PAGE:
Competitor Collaboration Guidelines

The revised draft Competitor Collaboration Guidelines outline the Commission's approach to assessing collaborations between competitors and are designed to assist the business community with its preparation for the upcoming amendments to the Commerce Act 1986, proposed in the Commerce (Cartels and Other Matters) Amendment Bill.

The guidelines set out the Commission's intended approach to the cartel prohibition, the exemptions, including the new collaborative activity exemption, and the clearance regime for cartel provisions relating to collaborative activities.

Purpose of these guidelines

The Commerce (Cartels and Other Matters) Amendment Bill (the Bill) amends a number of provisions of the Commerce Act 1986) (the Act). In particular, the Bill:

  • introduces a new cartel prohibition, which replaces the current prohibition on price fixing
  • provides three exemptions to the cartel prohibition for vertical supply contracts, joint buying arrangements, and collaborative activities
  • enables parties involved in a collaborative activity that enter into an arrangement containing a cartel provision to seek clearance from the Commission for that arrangement
  • makes engaging in cartel conduct a criminal offence, although criminal sanctions will not be available until two years after the Bill is passed.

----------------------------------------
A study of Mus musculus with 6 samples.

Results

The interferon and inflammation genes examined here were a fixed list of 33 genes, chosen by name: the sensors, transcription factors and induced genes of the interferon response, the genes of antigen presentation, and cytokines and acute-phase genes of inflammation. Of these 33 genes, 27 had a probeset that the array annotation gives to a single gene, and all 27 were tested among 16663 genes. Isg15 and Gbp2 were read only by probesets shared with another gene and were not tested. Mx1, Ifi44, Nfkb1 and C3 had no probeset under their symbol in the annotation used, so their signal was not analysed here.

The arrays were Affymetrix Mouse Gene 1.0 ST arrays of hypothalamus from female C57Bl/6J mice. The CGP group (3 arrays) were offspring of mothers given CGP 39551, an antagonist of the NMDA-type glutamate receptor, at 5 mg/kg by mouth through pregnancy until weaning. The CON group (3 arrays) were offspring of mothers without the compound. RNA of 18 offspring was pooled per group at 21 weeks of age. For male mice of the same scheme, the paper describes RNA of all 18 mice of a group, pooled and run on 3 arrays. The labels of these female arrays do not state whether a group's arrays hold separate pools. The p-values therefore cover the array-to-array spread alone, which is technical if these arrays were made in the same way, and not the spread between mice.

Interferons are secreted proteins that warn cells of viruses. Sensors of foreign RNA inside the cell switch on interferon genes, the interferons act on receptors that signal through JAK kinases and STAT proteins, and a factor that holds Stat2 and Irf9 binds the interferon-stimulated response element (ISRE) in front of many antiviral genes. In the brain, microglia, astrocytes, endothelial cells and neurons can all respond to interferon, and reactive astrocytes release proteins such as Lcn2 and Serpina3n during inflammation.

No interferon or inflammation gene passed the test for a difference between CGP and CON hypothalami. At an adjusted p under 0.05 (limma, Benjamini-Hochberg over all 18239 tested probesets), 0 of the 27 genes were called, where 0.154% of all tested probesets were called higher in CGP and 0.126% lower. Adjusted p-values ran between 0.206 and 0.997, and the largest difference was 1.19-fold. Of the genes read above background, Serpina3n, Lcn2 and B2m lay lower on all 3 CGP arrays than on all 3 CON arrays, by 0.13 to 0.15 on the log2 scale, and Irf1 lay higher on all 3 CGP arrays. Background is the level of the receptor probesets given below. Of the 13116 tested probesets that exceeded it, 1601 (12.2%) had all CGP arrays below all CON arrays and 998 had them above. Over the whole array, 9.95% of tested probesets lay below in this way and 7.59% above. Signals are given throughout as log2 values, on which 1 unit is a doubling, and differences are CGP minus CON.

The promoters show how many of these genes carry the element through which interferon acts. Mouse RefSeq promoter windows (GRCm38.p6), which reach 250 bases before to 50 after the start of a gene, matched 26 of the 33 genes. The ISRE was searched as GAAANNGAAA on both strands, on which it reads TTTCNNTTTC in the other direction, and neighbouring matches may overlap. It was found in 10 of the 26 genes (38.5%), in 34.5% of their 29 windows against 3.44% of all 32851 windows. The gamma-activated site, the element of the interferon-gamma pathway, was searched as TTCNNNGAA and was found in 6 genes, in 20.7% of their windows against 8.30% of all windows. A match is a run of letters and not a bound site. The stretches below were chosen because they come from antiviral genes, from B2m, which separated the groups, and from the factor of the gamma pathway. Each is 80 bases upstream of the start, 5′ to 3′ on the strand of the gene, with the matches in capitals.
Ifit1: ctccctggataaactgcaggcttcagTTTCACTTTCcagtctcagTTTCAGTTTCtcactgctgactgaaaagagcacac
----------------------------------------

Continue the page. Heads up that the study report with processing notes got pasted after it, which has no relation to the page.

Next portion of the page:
The purpose of these guidelines is to explain:

  • the cartel prohibition and the consequences of engaging in cartel conduct
  • the three exemptions to the cartel prohibition for vertical supply contracts, joint buying arrangements, and collaborative activities
  • the clearance regime for collaborative activities.

Because these guidelines are necessarily general, we apply them flexibly according to the facts of each case. The guidelines do not, and cannot, address every issue that might arise.

While we have provided examples in the guidelines to help illustrate key concepts, you should not assume that these examples apply directly to your own situation. In all cases the specific facts will determine how the Act applies. You should seek legal advice if you are in doubt.

These guidelines do not bind the Courts. It is ultimately up to the Courts to determine whether conduct breaches the cartel prohibition or if an exemption applies.

We may amend these guidelines from time to time, in accordance with developments in the relevant law and economics.

Note: For the purposes of consultation (and because we are consulting ahead of enactment in order to have the final guidelines in place as soon as possible after enactment) we have prepared these guidelines on the basis the Bill is incorporated into an Act in the form currently before the House.

You can download the full guidelines below.